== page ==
Google's crack team of security researchers, Project Zero, has done its annual stocktake of without-warning security vulnerabilities, known as zero-days or 0-days, and counted a record 58 of them last year.
This compares to 25 in 2020, with the previous maximum of zero-days detected in a year being 28 in 2015. Project Zero has tracked the vulnerabilities since 2014.
Project Zero lead Maddie Stone said the increased number in 2021 is partly due to improved detection, but mainly down to attackers repeatedly being able to return to previous attack surfaces to create new vulnerabilities.
The goal of Project Zero is to make zero-days hard for attackers.
This means forcing them to start from scratch so as to expend more time and resources to discover exploitable bugs.
That strategy has not gone according to plan, Project Zero noted.
"Attackers are having success using vulnerabilities similar to what we’ve seen previously and in components that have previously been discussed as attack surfaces," Stone said.
Of the 58 zero-days in 2021, over two-thirds used memory corruption vulnerabilities, a well-known attack vector.
Only two of the 58 zero-days discovered last year, used against Apple's iOS mobile operating system, could be deemed as novel.
Other than those, "everything we saw was pretty 'meh' or standard," Stone said.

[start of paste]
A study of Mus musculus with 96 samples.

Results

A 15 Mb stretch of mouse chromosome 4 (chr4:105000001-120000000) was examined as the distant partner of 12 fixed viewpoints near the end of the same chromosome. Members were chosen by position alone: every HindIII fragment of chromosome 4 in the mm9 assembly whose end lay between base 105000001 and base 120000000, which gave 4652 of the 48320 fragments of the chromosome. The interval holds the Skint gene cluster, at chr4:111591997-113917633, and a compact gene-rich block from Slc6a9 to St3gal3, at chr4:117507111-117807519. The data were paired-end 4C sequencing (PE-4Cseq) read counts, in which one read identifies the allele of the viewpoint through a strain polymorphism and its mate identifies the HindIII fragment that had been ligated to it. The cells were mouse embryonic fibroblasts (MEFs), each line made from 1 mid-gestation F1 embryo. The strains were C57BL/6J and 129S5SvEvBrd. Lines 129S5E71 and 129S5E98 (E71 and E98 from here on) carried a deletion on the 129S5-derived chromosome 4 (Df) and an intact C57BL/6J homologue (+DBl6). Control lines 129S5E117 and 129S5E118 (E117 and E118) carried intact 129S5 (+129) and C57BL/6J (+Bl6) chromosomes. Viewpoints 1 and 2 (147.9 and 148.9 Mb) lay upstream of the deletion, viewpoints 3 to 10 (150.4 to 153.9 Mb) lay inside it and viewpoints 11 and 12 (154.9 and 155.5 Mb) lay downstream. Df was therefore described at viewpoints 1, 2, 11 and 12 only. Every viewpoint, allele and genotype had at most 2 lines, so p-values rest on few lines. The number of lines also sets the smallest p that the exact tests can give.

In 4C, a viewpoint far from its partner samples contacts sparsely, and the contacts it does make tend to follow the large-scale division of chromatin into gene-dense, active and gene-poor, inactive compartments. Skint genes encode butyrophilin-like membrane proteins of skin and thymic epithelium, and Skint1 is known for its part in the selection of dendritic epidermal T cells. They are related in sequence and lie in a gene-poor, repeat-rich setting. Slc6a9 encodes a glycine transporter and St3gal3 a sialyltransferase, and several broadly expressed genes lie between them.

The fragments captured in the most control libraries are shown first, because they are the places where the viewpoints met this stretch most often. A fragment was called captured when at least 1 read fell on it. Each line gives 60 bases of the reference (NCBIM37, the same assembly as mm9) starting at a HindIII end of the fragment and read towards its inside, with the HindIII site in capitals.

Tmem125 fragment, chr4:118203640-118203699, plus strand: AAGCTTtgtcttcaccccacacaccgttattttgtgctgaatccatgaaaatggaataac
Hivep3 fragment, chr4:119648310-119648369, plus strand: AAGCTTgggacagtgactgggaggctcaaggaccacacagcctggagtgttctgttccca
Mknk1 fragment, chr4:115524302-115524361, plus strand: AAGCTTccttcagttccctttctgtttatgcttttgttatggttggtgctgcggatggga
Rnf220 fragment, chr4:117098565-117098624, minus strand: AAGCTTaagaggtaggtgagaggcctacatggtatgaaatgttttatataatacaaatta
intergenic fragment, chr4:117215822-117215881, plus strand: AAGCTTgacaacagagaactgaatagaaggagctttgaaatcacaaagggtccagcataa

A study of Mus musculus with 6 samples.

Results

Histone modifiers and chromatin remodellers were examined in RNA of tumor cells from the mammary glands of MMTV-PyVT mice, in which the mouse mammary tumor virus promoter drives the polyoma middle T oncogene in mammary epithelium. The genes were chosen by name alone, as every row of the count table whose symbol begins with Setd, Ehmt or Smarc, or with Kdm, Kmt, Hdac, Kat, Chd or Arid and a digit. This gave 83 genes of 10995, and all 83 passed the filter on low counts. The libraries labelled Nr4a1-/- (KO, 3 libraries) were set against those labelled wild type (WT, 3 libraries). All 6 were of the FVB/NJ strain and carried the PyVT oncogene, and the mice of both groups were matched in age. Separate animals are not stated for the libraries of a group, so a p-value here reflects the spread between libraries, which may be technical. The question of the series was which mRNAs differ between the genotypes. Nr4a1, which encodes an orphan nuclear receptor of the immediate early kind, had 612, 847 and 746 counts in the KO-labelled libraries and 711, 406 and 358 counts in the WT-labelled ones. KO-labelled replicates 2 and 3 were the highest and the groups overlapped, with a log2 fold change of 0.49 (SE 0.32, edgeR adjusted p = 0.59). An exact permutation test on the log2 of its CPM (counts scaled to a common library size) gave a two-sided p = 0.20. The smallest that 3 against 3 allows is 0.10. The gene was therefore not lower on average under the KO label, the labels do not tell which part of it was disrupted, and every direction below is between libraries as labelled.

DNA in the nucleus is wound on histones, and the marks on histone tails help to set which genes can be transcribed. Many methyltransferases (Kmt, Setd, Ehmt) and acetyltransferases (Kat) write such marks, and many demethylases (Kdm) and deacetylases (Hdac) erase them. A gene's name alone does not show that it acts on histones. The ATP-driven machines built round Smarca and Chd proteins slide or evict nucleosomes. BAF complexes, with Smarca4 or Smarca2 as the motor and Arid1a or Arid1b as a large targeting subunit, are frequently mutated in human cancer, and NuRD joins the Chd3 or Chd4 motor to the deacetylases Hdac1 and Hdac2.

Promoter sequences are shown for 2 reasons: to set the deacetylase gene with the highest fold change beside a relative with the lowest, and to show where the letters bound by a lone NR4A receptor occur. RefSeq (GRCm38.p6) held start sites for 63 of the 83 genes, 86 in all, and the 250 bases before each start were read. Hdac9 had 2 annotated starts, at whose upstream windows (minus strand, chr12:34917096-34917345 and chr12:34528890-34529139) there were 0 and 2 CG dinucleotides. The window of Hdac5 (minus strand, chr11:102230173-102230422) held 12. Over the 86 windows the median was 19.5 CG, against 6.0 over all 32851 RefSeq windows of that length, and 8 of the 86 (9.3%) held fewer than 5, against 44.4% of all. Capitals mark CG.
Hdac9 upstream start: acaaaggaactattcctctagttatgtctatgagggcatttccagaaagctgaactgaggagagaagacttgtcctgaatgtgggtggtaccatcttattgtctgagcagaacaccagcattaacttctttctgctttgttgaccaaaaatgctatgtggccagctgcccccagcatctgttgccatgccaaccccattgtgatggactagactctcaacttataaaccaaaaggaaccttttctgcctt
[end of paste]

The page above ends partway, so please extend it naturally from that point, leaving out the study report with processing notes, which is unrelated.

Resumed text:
Continued concerted efforts to reduce memory corruption bugs or failing that, rendering them unexploitable, should be a priority for the industry which has plenty left to do to make zero days hard, according to Stone.
Stone also pointed to some apparent anomalies such as only two zero-days being found since 2014 for messaging apps, which are of high interest to attackers.
Since mid-2014, only one in-the-wild zero-day each has been found for macOS and Linux.
There were no in-the-wild zero-days for cloud environments, processor vulnerabilities, or those targeting phone components such as the wi-fi chip or baseband processors.
However, Project Zero questions if this is due to lack of detection or disclosure, or both.
Lack of disclosure means there could be many more zero-days lying undetected.
Stone and Project Zero gave kudos to big software houses like Microsoft, Google Chrome and Adobe, along with the Apache open source foundation, for now annotating their security bulletins to disclose if vulnerabilities reported to them had been exploited in-the-wild.
"Until we’re confident that all vendors are transparently disclosing in-the-wild status, there’s a big question of how many in-the-wild zero-days are discovered, but not labelled publicly by vendors," Stone said.